Observe your child to learn when she's really tired. It's important that you help your child get to bed when she is tired, rather than too early or too late.
Make a plan. Talk through the bedtime routine before you are in the middle of it. Since everyone is tired by the time bedtime rolls around, it's easier to decide on a plan earlier in the day. Talk together with your spouse to come up with a time, a routine and a way to set limits, if necessary.
Create a routine that fits everyone's needs. Bedtime routines can include: bathing, teeth brushing, stories (books and story-telling), songs, cuddling, massage, listening to music, recalling events from the day, talking about feelings, laying down together until the child falls asleep, saying prayers, saying "good-nights" to people, talking about the next day, meditating, visualization or thinking about up-coming dreams. Once you've decided on your routine, tell your child what will be happening: "Tonight at bedtime, after you brush your teeth, you can choose a story to read and then I will rub your feet while I sing you a song. After that, it will be time for you to rest. Mommy and I will kiss you good-night and leave so you can go to sleep. Do you want your door open or closed?"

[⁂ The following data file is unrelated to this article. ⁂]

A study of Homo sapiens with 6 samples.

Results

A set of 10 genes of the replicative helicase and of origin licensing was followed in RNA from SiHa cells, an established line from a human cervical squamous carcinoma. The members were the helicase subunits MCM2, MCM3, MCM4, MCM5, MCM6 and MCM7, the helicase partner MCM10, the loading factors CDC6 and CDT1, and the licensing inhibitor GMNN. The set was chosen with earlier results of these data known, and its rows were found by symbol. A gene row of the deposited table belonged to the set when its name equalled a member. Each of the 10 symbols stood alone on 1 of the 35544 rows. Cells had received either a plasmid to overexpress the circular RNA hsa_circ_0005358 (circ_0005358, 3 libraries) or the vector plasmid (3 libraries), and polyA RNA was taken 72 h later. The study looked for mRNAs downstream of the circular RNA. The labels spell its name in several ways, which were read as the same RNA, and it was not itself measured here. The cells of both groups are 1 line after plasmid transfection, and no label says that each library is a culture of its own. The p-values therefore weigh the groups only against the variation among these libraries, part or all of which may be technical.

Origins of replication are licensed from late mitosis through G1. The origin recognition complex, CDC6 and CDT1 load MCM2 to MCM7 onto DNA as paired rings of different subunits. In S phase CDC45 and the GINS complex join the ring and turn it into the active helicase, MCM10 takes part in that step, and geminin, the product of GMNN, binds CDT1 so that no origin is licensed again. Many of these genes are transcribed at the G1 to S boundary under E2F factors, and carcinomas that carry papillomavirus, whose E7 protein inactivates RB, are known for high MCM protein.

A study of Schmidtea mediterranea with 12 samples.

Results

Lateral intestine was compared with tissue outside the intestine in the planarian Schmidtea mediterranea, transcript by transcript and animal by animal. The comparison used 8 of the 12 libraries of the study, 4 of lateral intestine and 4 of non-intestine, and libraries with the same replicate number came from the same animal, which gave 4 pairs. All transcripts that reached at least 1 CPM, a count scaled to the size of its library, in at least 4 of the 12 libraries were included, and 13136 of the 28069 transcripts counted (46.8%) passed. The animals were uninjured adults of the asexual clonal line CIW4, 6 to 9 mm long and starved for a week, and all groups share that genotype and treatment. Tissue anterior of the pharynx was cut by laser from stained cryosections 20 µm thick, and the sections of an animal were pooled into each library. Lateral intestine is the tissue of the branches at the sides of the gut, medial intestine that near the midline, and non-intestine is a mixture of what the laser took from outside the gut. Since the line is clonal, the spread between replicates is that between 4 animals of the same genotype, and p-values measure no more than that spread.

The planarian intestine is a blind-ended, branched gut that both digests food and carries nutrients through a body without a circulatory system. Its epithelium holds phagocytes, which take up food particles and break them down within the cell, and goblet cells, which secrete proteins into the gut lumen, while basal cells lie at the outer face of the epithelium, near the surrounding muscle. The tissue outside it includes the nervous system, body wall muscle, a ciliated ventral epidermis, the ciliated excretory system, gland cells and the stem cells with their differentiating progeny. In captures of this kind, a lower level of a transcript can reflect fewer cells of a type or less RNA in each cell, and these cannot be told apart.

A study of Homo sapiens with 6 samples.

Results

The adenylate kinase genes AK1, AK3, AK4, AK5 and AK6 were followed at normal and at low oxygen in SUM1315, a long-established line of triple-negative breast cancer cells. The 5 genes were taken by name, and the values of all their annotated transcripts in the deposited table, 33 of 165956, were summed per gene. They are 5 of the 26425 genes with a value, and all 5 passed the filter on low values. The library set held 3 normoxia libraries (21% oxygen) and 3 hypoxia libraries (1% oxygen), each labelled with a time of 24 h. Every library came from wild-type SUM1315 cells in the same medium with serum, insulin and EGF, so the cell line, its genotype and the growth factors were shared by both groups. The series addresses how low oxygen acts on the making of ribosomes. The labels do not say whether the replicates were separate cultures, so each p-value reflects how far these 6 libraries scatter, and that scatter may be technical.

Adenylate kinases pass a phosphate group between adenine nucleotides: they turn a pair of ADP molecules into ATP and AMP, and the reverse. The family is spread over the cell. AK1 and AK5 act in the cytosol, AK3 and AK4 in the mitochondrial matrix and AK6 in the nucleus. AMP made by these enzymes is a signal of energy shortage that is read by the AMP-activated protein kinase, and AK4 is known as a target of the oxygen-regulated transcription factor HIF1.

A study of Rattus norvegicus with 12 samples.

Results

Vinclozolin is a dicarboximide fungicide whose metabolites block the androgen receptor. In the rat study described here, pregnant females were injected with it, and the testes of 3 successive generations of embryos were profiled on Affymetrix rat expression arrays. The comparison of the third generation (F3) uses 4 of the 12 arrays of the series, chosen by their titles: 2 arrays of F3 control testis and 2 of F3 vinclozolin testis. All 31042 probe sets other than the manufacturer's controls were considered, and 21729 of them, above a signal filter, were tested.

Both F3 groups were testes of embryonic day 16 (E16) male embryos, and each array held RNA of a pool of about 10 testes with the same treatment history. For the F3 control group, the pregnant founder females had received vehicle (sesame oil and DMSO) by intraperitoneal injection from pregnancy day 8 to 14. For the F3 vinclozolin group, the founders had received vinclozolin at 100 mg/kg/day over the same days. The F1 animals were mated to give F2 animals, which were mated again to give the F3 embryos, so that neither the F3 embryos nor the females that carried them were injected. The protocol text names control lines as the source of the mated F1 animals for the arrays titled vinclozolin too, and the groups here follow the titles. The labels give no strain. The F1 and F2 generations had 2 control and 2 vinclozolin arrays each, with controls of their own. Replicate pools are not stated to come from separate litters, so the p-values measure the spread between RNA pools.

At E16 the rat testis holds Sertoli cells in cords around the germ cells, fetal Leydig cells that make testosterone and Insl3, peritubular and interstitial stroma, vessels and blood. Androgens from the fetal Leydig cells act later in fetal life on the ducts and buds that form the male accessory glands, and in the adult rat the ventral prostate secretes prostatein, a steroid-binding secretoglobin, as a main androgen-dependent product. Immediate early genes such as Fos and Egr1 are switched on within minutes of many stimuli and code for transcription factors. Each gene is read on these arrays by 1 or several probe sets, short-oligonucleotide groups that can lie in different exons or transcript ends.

Help your child help herself. Talk to your child ahead of time about how she can help herself fall asleep. "If you're still awake after we leave the room, you could help yourself go to sleep by thinking of your favorite friend, or by holding your bear, or by singing yourself a song." If you think your child is experiencing separation anxiety, offer to put pictures of you around her bed or let her listen to a tape of you singing or telling her stories.
Decide on a plan for follow-through. Once you've completed your routine, your child will, no doubt, call for you, cry or get up out of bed. So be clear about how you're going to respond. When she calls you or cries, you can peek in once and remind her that it's bedtime and that she can help herself go to sleep. You can tell her that if she needs to keep calling or crying, she can, but you won’t be coming in any more. If she gets out of bed, you can gently, firmly and without anger, talking or fanfare, put her back in bed.
Teach her the importance of sleep. "Your body needs sleep so you can have energy to play tomorrow. Sleep helps you feel better, grow and be strong."
Make time to connect during the day and/or early evening hours. If you feel like you have had enough time with your kiddo, it'll be easier to be clear about bedtime and to give consistent messages that it is time to rest.